I am a newbie to `R`

and am trying to learn it. I have some financial data which is normal distributed. Now, the Student's t-distribution is given by

$$g_v(z):= \frac{\Gamma ( \frac{v+1}{2})}{ \sqrt{ v\pi}\Gamma (\frac v2)}\left(1+\frac{z^2}{v} \right)^{- \frac{v+1}{2} },$$

and density given by

$$ g_{v, \mu ,\sigma}(z):= \frac{1}{ \sigma}g_v \left( \frac{z-\mu}{\sigma}\right) \quad \quad z \in \mathbb{R}.$$

I want to estimate those parameters $v, \mu, \sigma $ in the given model with the maximum likelihood method, so with using the function `optim`

in `R`

. (Student's t-distribution is implemented in `R`

with the `dt`

function.)

I am familiar with `optim`

but I tried for days now to figure out how to estimate those parameters. What function do I need to "put" into `optim`

, and how do I decide for the degrees-of-freedom for `dt`

?

Any tips/explanations or examples are very appreciated as I searched for similar problems and could not find what would help me.

## Best Answer

The first thing you need to do is write out the log-likelihood function for the analysis. Given observed data $z_1,...,z_n \sim \text{IID }g(\mu, \sigma, v)$ you have the log-likelihood function:

$$\begin{align} \ell_\mathbf{z}(\mu, \sigma, v) &= -\frac{n}{2} \log(\pi) + n \log \Gamma(\tfrac{v+1}{2}) - n \log \Gamma(\tfrac{v}{2}) - \frac{n}{2} \log(v) - n \log(\sigma) \\[6pt] &\quad - \frac{v+1}{2} \sum_{i=1}^n \log \bigg( 1 + \frac{(z_i-\mu)^2}{v \sigma^2} \bigg). \end{align}$$

Once you have the function you want to maximise, you find the MLE using standard calculus methods or using an automated optimisation function. In order to find the MLE using an optimisation function (e.g.,

`optim`

in`R`

) you would program this function and then apply the optimisation function using a stipulated starting point for the iteration. If you want the computation to perform better you can first determine the gradient vector and Hessian matrix for the log-likelihood function and build this into the optimisation (rather than relying on numeric estimation of these derivatives).Implementation in R:Here is some code to implement this MLE analysis in`R`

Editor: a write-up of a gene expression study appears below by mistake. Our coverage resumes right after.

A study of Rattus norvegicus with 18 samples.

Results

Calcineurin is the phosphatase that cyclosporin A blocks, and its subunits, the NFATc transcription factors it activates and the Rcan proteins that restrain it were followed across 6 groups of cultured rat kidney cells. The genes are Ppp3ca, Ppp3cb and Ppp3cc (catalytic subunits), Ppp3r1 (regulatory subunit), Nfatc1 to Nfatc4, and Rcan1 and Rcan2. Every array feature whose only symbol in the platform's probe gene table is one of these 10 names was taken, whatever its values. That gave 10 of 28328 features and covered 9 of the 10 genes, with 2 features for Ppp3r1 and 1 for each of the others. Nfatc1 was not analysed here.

in a simple way, without analytic computation of the gradient or Hessian. First we program the log-likelihood function above, then we program a function to optimise this function for an input vector of data. In order to use unconstrained optimisation, I have chosen to parameterise the objective function in terms of the unconstrained parameter vector $(\mu, \log \sigma, \log v) \in \mathbb{R}^3$. (This is a useful trick to use when programming optimisation routines, since it makes your functions more stable and less complicated. It can also improve efficiency in some cases.)Now that we've programmed these functions, let's see if we can get reasonable estimates of some mock data generated from your model, where the true parameters are known.

As you can see, the MLE function appears to work well on this mock data, and it is able to estimate the parameters well. Have a read through this code and make sure you understand what each part is doing. Try rewriting your own code bit by bit to get it working and then compare your finished code with this code above to see how your version differs from the above.

In terms of answering your specific queries, as you can see, the input function for

`optim`

is the objective function you want to optimise. Since`optim`

minimises the objective function, the input I have used here is the negative of the log-likelihood function, which I have called`NEGLOGLIKE`

. The degrees-of-freedom is one of the variables being optmised, so we don't put in a value for this (other than a starting value for the numerical optimisation).